127 Hours chronicles the true story of Carnegie Mellon graduate Aron Ralston as he gets trapped in a cave for five days. I feel the need to point out that he went to a very prestigious school because it seems like only an idiot would find a way to get stuck.
The film though stars James Franco as what appears to be the main and possibly the only character in the film worth noting. On top of that the film is directed by Slumdog Millionare director Danny Boyle.
Let me point out though that I didn’t like any of Boyle’s films ever. They tend to bore me and droll on up until th end. Slumdog was an awful movie that got too much credit if you ask me. The fact of the matter is Boyle takes a slow moving subject and paces it that way and makes it something more than it is.
We all know that this is a true story so we really can’t say that the film doesn’t have a compelling story, because it kind of does. When you have a human being stuck in a cave for a few days it’s compelling, but dull. Very dull. the film has to rely on not writing as much as the performance from it’s lead role.
The writing in the film is not the worst, but it’s not the strongest. Did they pull it from the book Rolston wrote? Who knows, because I didn’t read it. So that means the script is either weak or not bad or what not.
The thing that drives this film though is Franco. He has truly evolved into a good actor. I mean you see him doing roles like Spider-Man and Pineapple Express but you see him having more fun with it than an actual job. In this film he shows off the actual skills he does possess as an actor. The way he carries himself in the predicament actualy shows some sense of belief to the role, as if Franco really was stuck in the cave.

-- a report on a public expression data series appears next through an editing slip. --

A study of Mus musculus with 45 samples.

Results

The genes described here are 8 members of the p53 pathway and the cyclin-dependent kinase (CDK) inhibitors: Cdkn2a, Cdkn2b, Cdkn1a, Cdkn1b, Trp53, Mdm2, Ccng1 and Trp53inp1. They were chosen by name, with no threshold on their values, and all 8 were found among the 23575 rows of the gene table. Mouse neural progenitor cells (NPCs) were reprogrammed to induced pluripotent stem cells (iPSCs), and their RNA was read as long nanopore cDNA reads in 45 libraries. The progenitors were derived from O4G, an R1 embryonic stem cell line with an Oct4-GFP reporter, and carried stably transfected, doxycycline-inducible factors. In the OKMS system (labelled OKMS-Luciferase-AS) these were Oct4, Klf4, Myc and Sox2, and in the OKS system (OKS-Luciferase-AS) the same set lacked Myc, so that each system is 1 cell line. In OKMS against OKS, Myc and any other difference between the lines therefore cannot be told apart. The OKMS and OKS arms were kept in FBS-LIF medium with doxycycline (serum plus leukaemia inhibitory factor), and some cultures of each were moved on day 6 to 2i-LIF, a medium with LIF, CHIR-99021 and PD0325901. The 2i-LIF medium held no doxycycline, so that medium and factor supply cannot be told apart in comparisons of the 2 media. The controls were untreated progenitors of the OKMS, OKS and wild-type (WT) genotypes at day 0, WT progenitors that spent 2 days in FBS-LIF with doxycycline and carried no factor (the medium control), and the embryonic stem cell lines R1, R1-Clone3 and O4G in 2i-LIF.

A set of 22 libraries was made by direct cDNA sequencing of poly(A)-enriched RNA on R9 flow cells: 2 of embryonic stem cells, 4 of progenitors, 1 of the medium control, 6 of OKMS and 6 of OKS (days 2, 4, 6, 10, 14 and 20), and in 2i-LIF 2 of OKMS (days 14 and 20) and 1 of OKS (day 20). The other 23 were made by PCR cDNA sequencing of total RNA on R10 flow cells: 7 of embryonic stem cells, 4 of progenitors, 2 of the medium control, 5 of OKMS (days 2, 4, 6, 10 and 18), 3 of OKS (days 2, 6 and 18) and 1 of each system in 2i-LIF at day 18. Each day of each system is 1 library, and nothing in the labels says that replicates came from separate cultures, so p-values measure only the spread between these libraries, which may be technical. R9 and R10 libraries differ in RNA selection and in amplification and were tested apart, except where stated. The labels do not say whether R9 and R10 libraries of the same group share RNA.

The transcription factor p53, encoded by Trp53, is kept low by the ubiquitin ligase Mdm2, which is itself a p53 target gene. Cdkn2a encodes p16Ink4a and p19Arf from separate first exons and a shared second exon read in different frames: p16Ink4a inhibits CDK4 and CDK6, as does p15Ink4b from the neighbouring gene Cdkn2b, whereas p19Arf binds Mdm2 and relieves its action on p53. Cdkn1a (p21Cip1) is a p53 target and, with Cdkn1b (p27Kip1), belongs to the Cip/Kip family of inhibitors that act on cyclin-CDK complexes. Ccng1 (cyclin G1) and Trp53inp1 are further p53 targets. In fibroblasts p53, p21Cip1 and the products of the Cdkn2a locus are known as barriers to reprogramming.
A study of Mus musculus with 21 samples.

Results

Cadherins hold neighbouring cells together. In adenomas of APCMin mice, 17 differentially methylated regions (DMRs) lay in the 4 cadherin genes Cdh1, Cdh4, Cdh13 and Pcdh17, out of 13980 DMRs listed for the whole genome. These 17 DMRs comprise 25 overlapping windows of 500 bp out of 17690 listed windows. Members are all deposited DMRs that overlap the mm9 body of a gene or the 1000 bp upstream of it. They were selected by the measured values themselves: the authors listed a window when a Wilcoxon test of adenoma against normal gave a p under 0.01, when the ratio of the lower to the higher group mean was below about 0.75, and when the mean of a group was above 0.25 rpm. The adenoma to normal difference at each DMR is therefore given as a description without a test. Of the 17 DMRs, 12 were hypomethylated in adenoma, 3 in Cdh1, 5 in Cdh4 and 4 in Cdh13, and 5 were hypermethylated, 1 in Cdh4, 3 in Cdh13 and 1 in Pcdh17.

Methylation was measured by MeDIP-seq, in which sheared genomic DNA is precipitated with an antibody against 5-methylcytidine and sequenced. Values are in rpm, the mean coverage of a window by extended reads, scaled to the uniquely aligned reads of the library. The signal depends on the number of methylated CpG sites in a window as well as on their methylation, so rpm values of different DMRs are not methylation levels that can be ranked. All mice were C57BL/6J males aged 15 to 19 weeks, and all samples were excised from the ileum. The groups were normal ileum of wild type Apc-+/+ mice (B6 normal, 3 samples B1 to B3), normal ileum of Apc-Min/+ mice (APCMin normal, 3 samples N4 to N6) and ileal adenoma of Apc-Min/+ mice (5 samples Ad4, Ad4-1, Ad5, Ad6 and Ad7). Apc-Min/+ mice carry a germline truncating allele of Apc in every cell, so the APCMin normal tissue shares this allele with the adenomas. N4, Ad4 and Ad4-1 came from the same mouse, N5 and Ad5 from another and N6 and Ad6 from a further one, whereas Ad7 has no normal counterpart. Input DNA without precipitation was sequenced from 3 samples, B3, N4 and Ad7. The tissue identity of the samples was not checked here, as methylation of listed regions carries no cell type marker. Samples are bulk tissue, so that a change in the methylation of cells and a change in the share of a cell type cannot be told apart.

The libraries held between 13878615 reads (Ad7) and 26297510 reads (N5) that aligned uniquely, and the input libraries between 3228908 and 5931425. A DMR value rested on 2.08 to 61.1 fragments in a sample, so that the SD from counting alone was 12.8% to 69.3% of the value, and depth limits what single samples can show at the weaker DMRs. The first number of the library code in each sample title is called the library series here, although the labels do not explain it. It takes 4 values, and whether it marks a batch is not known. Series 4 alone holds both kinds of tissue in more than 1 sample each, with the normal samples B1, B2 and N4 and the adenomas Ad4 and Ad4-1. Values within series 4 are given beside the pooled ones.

The editing is the one thing that bothers me and excites me. I’m not so sure what to say though about it. IT’s fast paced and then slows down, the pacing keeps changing. The way that it is shot and the composition mixed together really stands out in this film. I think the two big things about the film that stand out are Franco and the editing.
This film is well done to the point that I can award Boyle credit. The hype behind Boyle’s flawless directing is something that bothers me about most of his films. That and the fact that I found myself easily bored by the film within the first twenty minutes of the film, but I stuck through it. I am giving it a score of an 8/10. It’s not the best film to watch but in a season that is stuck with bad films like Little Fockers this is a stand out.